Home Opinions The media needs to stop victim smearing

The media needs to stop victim smearing



When reporting a story, media sources have the responsibility of sharing the facts of the case. However, not all facts reported are relevant and necessary, especially when they are intentionally written to discredit and demonize the victims of these cases. The media need to be particular and sensitive about this and let victims be what they are in these instances—victims.

A recent example of is the situation involving United Airlines and Dr. David Dao. Dao was a paying passenger on United flight 3411 when he was violently removed to make room on the overbooked flight. Dao suffered a broken nose, a concussion and lost two teeth. Yet, soon after this news story broke out, a news outlet was reporting on Dao’s “troubled past.”

The Courier-journal reported on Dao’s history of drug-related offenses. This information was unnecessary and attempted to create a “he is not so innocent,” attitude toward the victim. Dao’s medical license and occupational history has no relevance to how he was violently dragged off the airplane.

“Reporting this about the man United assaulted is not relevant to what happened and suggests a misunderstanding of the U.S. legal system,” said Racheline Maltese, media analyst, in a series of tweets about the event. “It terrorizes victims of crimes. Legit, are you going to share the sexual history of rape victims next?”

Fortunately, Dao was left relatively unharmed when compared to the victims who are still treated in this manner after they are murdered.

Eric Garner died while a New York Police Department officer held him in a chokehold to arrest him. Despite Garner being the victim and dying because of the incident, it did not stop several news sources to report irrelevant facts that did not pertain to the case.

The Wall Street Journal reported Garner’s arrest history and Newsmax reported on then-current charges he was on bail for, all of which have no relevance or need to be reported. Garner was the victim because he was the one who died. There is no way to justify this situation, despite media outlets’ attempts to do by bringing in the victim’s history.

Victim smearing happens often enough to be almost normalized and expected. It is understandable to get the story from multiple angles, but once unneeded facts are brought in that demonize the victim, it seems as though they are somehow responsible for what happened to them.

Dr. Dao cannot be just the man who was dragged off the plane anymore; he has to be the doctor with drug problems that was dragged off the plane. In death, Garner cannot be the man who was choked to death by a police officer; he has to be the man with a long criminal history who was choked to death.

It is important for the media to report the facts of a story and to contextualize it. However, when sources decide to release information, they have a duty to only release what is pertinent to the case. It is more important they report relevant facts and assist in telling the story to the audience, not facts that try to smear and discredit the victim.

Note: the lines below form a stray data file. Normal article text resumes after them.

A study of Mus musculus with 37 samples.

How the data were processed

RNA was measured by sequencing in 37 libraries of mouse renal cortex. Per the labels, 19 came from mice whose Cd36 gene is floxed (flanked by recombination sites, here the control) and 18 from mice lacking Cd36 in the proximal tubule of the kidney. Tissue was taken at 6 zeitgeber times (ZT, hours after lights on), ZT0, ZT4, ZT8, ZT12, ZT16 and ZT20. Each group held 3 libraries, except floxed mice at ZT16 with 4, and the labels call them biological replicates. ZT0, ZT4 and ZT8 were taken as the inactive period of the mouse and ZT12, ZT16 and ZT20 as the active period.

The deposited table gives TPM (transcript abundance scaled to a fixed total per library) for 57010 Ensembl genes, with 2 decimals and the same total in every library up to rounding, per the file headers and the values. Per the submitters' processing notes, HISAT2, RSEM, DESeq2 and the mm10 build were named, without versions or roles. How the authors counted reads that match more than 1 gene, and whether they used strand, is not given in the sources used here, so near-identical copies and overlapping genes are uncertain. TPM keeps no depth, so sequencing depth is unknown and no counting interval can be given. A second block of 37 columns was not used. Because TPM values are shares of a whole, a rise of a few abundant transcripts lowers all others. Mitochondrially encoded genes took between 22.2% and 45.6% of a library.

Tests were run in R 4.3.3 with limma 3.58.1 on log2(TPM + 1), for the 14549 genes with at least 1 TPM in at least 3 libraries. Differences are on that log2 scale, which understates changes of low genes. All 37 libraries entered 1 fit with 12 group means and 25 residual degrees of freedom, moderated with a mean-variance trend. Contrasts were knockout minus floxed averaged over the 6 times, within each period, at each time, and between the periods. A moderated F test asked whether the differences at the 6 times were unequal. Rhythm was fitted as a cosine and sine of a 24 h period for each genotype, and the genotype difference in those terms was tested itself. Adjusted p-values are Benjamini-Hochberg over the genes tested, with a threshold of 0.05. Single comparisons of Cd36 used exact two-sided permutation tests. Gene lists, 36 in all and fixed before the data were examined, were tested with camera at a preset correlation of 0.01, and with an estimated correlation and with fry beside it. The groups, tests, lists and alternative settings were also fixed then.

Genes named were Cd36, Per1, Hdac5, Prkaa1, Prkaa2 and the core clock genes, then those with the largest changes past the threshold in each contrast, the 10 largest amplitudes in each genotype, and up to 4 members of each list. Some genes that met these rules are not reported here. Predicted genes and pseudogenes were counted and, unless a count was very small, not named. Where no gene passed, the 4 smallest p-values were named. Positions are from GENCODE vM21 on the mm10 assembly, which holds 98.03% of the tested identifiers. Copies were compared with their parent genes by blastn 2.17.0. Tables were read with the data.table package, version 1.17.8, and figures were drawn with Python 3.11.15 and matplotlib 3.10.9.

– John Lee is a marketing freshman


  1. Dao was not just some passenger who was singled out and (not so) beaten then dragged off a plane.
    The thing is, Dao is a victim of his own creation.
    The fact of the matter is, United airlines needed to empty four seats for workers that they needed to transport quickly.

    Whether their choice to ask passengers to give up seats on their plane would be considered the best business practice, I am not debating at the moment.

    The matter was, that they needed four seats and asked for passengers willing to exchange for a refund and plane at another time. No one offered. So they informed passengers that they would select people at random to leave the plane, receive a refund, and plane at another time. The other people left without hassle. Dao refused and became irate. (Whether rightfully so is not the question)

    He was asked to leave the plane; he refused, became irate and was informed that they would bring security to remove him from the plane. With complete understanding (he even instructed them that they would have to use force if they wanted to remove him) So when the security officers tried to remove him he refused with force. He refused to stand and threw himself down and in doing so he hit the chair and became bloodied… on his own accord. The security officers did NOT beat him like so many on social media tried to claim.. trying to make this a hit story that they could share “Ooh big company beats “helpless” Asian man trying to return home” Hey it makes an intriguing headline, brings views and shares… it also helps boost peoples esteem to feel like they are warriors for justice. But they are not, they are simply people who love victimhood stories and do not care about facts or about taking responsibility for their own actions.
    Many in the media tried to make this a race baiting story, until more footage showed that the officers were black and Hispanic. So they had to change the story line.

    As far as his background, it can help in understanding how the event took place and how they have behaved in the past. As for Dao, he has had a history of aggressiveness so it is plausible that he did become irate and aggressive when asked.

    When the even first took place only poorly done, short clips were showed (missing the bulk of what happened) only the aftermath (as is so often) the important parts are what occurred before! That is what people ignore.